J.E.B. LITTLE CREEK FORT STORY, Va. - “Planes were very, very tight over us, and I was having a blast because I loved planes.”
A two-year-old's innocent perspective of one of the darkest days in U.S. history.
That's how old Sue Rice was on December 7, 1941 when she was in her backyard, a stone's throw from Pearl Harbor.
She's heard the stories her entire life. How her dad rushed out of their house and back to base when the bombs started falling.
“They grabbed repeating rifles and they went on top of a bunker and fired at the airplanes. I think my dad spent the next four days pulling people out of the water. He never really talked much about that," Rice recalled.
Today, she's one of the few remaining members of the Pearl Harbor Survivors Association's Tidewater Chapter, which just buried one of its last surviving Pearl Harbor widows.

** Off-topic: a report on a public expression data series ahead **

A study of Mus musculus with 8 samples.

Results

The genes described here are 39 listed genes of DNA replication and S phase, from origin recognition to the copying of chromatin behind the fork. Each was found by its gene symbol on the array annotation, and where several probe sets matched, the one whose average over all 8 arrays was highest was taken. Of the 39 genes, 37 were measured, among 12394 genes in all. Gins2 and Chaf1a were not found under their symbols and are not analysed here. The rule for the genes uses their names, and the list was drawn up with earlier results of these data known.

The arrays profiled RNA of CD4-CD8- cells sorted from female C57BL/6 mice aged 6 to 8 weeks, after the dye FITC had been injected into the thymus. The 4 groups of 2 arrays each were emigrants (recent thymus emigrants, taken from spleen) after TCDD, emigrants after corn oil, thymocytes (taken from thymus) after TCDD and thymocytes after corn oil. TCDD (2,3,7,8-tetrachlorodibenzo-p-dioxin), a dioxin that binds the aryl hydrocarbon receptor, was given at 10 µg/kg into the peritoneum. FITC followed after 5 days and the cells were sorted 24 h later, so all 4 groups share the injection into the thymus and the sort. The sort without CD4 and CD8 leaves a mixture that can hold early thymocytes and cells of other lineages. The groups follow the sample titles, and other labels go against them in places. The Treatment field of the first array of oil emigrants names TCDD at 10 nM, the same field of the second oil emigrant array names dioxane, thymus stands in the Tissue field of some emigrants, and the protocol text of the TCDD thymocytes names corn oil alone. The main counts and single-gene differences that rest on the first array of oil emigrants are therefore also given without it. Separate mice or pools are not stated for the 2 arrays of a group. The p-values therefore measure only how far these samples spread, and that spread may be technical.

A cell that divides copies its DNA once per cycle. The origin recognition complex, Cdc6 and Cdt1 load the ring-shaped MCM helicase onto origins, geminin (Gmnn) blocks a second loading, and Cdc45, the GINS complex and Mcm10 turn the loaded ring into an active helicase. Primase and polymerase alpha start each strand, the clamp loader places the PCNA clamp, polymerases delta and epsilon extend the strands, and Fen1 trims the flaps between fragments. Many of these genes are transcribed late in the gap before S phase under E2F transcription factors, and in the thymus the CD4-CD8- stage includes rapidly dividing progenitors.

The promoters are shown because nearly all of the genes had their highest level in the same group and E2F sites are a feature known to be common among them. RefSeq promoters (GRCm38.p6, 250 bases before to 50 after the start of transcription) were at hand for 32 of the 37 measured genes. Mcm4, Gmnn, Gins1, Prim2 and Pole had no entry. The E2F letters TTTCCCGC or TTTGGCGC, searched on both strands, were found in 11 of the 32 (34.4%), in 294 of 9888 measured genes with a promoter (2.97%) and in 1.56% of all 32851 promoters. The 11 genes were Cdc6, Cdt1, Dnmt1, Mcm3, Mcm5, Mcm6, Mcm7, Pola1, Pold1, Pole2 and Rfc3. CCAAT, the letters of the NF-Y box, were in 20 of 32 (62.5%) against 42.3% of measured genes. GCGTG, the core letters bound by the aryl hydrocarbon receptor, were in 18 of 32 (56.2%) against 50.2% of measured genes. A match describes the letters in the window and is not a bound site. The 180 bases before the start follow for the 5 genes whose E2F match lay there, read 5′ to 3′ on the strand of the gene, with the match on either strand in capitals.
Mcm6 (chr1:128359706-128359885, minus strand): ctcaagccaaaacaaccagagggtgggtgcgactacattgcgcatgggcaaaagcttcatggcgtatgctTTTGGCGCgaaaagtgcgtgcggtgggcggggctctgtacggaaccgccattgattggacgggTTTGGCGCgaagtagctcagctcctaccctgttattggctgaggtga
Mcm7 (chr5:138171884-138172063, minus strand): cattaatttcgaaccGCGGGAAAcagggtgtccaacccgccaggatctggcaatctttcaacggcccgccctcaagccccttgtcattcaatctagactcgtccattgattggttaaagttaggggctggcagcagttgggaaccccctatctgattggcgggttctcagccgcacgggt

After decades meeting together on a monthly basis, the group is calling it quits, but not before making one final contribution to local military members.
“We would like to close out the accounts that the association formally had and present to the [Navy Marine Corps Relief Society funds] in the amount of $1,466.19," said the chapter's president, Gerald Chebetar, as he and Rice handed the group's last dollars to Joint Expeditionary Base Little Creek Fort Story's Commander, Capt. Michael Witherspoon.
Witherspoon, who also received the group's gavel, says the Navy Marine Corps Relief Society helps people serving our country now.
“[This] money will be used for families who need financial assistance should they fall on hard times," he told News 3.
It's a gift to today's defenders from a generation whose heroics and sacrifice will never be forgotten.
“It's a gift that will keep giving," said Rice.